US equities had a magnificent bull run from the presidential election in late 2016 until January 2018. The broad-based S&P 500 index gained almost 40% whereas the Nasdaq 100 gained more than 50% during that timeframe. That’s almost half of a decade worth in equity gains within just a little more than a one-year timeframe. Market pundits were cheering and estimating more gains ahead. That occurred even very close around the January 2018 high. Pundits tried to justify the bull run by fundamental factors such as corporate tax cuts that were imposed by the Trump administration.
At the end of January investor were caught with their pants down. US equities started to sell off. The broad-based US equity indices lost more than 10% within just a couple of weeks. We were not caught by surprise. As a matter-of-fact, we warned that US equities are approaching a critical junction on January 26th 2018. That was exactly the day on which the S&P 500 peaked. The first two charts are screenshots from our Twitter timeline during that day. As it shows, we indicated our expectations of a drop. Moreover, those familiar with Elliottwave analysis can quickly see that we expected the market to rise to another all-time high after the drop.
Sentiment turned around as quickly as the market. Investors suddenly turned bearish. Market pundits quickly revised their bullish projections. Suddenly, permabears popped up all over the place again. They felt their victory and wanted everybody to know that they have been right. Of course, they stressed that they knew this was all going to end very badly. Parallels to the crash in 1987 popped up here and all across financial media. Many traders and investors expected the drop to follow through to the downside and extend into a fully fledged bear market.
Once again, we made an unpopular forecast. On February 9th 2018 we called a sharp rally and made the case to buy-the-dip. It was right at the peak of the storm. Many others were fearing a crash and were afraid to catch the falling knife. We made a high confidence forecast that the S&P 500 would at least revisit the 2,700-2,800 area even if our base-case scenario of another all-time high proves incorrect. Markets started rallying within a few hours of our publication. Our forecast got confirmed regarding both, a sharp rally and a new all-time high. The S&P 500 reached a new all-time high in August 2018.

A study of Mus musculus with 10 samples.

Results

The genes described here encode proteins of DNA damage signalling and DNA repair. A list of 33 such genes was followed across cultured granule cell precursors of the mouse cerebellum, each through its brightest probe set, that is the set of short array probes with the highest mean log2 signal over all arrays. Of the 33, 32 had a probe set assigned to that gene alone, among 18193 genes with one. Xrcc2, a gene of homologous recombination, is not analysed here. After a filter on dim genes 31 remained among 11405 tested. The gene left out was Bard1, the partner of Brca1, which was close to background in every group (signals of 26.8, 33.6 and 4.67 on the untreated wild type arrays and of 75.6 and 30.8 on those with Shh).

Our analysis attracted wide attention back then. People were wondering how we reached our conclusions. Again, it was neither magic nor pure luck. It was a combination of knowledge, hard work, and being fortunate enough to interpret the big picture correctly. It was the combination of technical analysis, especially Elliottwaves, with modern macroeconomics. Cyclical blow off tops and bottoms have been very rare in history. Less than 1 out of 10 cases recorded a sudden and complementary turnaround worldwide. Usually, some shoe drops first. Look for example at the great recession during the late 2000s. The subprime market exploded, interbank lending dried up completely, and equities were chasing one all-time high after another. That wasn’t fitting neatly into a healthy macro picture, was it? The macro picture in early January was quite different. It looked healthy. The technical picture was not hinting to a broad-based cyclical turn as well. Wave structures on the major US indices were simply not terminal. Moreover, momentum readings were also very untypical for significant reversals. All in all, the overall picture suggested that a cyclical turn is very unlikely. We assigned less than 5% odds to that and concentrated entirely on identifying a buy-the-dip opportunity. Neither magic nor luck led to our conclusions. A systematic decision-making approach was responsible instead!
Global equity markets are approaching a critical junction again. This time, some signs, which haven’t been in place during the February sell-off, look different. That’s the subject of discussion in our premium analysis of equity indices.